Then and Now: Ken Weight

Always learning. Always creating.

May 11, 2022


I started working in the area of special products and then transferred to R&D in Production Support. My role was a very reactive one, creating products for new opportunities, which were often not standard designs. We created retrofits, with different shaped end caps to fit in competitors’ housings. This flexibility allowed us to create what was needed for that point in time, and we did it fast.

Then came the realm of Kleenpak™ (membrane and depth filter cartridges, capsules, and disposable systems for liquid, air, and gas filtration). Initially, this project started in America, but the project was passed over to the UK team, and well history is history. The Kleenpak range of filter capsules became a well-established line and the advent of the rise of the UK R&D department grew, both in strength and ability to solve the seemingly unsolvable.

The team’s creativity was really harnessed, and we were able to use our initiative and make educated assumptions to solve our customers’ problems, like when we were approached by a company in Liverpool who made silicon chips in the microelectronics industry. They asked us to help them with a project they simply couldn’t complete. They needed to modify a product to run in reverse and to be able to fit it into their housing. We took this challenge on and solved it for them.

Our creative expertise was used in all areas of Pall, from nuclear to biomedical, food and beverage, from making paediatric vent adaptors to o-rings. Then the need for single-use technology came into play in the late 90s, and I moved into sterile connectors, flexible biocontainers, disposable mixers, bioreactors, and all the other parts needed to make a fully disposable system possible.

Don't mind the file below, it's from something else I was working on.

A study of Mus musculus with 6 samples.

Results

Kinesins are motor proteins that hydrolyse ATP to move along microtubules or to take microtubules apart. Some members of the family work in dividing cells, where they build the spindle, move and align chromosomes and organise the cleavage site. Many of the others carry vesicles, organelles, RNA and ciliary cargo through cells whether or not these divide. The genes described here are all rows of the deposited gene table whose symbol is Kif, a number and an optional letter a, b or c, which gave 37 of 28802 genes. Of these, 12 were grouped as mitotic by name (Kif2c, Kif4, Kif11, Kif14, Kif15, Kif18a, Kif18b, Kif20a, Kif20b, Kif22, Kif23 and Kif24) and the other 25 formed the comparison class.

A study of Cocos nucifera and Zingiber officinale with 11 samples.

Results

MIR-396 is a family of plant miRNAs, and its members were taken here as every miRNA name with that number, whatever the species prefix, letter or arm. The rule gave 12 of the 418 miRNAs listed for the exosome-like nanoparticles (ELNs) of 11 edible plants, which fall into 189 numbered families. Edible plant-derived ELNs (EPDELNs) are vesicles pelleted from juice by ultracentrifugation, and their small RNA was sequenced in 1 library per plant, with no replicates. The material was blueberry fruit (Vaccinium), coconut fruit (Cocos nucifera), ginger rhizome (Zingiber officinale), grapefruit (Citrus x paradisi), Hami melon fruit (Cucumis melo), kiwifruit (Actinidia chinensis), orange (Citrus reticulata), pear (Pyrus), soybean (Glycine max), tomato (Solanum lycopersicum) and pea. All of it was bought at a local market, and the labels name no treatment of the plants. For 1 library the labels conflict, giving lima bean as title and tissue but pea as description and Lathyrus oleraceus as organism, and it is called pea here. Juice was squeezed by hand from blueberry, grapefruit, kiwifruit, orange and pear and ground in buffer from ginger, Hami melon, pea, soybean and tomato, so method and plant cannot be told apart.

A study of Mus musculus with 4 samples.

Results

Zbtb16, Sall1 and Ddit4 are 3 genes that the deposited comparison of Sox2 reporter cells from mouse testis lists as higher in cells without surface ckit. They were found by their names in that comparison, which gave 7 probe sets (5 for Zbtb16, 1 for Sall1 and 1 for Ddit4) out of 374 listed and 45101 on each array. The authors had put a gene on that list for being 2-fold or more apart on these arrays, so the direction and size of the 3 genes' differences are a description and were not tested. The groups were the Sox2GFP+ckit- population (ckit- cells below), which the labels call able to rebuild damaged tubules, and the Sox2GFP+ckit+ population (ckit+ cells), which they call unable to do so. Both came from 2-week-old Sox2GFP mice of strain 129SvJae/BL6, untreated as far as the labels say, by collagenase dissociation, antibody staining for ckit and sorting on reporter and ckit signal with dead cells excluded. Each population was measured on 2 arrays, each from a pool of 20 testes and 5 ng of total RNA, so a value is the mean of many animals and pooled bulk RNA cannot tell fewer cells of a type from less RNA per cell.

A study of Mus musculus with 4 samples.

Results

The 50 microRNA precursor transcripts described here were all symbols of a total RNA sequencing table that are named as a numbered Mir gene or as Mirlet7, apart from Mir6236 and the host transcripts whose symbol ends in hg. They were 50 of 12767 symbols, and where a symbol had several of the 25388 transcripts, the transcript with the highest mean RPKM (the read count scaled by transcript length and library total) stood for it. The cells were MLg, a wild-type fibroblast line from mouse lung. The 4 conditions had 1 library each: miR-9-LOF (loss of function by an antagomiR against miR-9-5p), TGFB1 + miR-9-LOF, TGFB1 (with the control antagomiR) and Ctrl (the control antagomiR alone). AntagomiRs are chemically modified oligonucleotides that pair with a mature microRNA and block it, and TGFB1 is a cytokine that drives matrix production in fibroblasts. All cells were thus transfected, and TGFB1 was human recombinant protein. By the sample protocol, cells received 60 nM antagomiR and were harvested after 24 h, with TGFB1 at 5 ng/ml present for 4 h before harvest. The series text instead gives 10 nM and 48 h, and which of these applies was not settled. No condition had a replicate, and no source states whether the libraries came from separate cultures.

The basic principles of filtration were the same, but it’s how you package them that makes the product successful. With single-use consumables, initially, there was a lot of scepticism with this change in industry, but with the right product development and design, many customers now prefer this to stainless steel.

With the evolving business, my role also progressed from Design Engineer through to a Technical Director responsible for biopharmaceutical R&D. This allowed me to get involved in a wider technological field and allowed me to give a more creative input as well as to develop teams through coaching and mentoring. Every two to three years, I have learnt new trades and processes and because of this dynamic portfolio, it has kept my mind fully engaged.

Over the years, processes have however become more challenging in R&D, with quality being a paramount factor. The level of testing has increased, along with peer reviews of data, and everything now being rigorously documented. Even the interaction with people has changed. Before, you would gather round a table and hatch a plan, but now more and more teams and departments from all over the company (and all over the world!) have a part to play in the product development. This was a challenge to become accustomed to but, the benefits, reliability, and quality that you see in the final products shine through, often making it right first time.

So much has changed in R&D. There is so much to be learned, so many new processes and it has been so interesting going into work every day. Not only because this area has allowed me to be creative, but because with the world evolving and the company growing, we were able to bring in new people from all walks of life – scientists, biochemists, engineers from all over the globe, who you can learn a lot from. However, there is one constant that has always been needed, 40 years ago as it is today, and that is following your instincts and trusting yourself. That’s always been there.


To find out more about Ken Weight or any of our Biotech People please read our biographies page.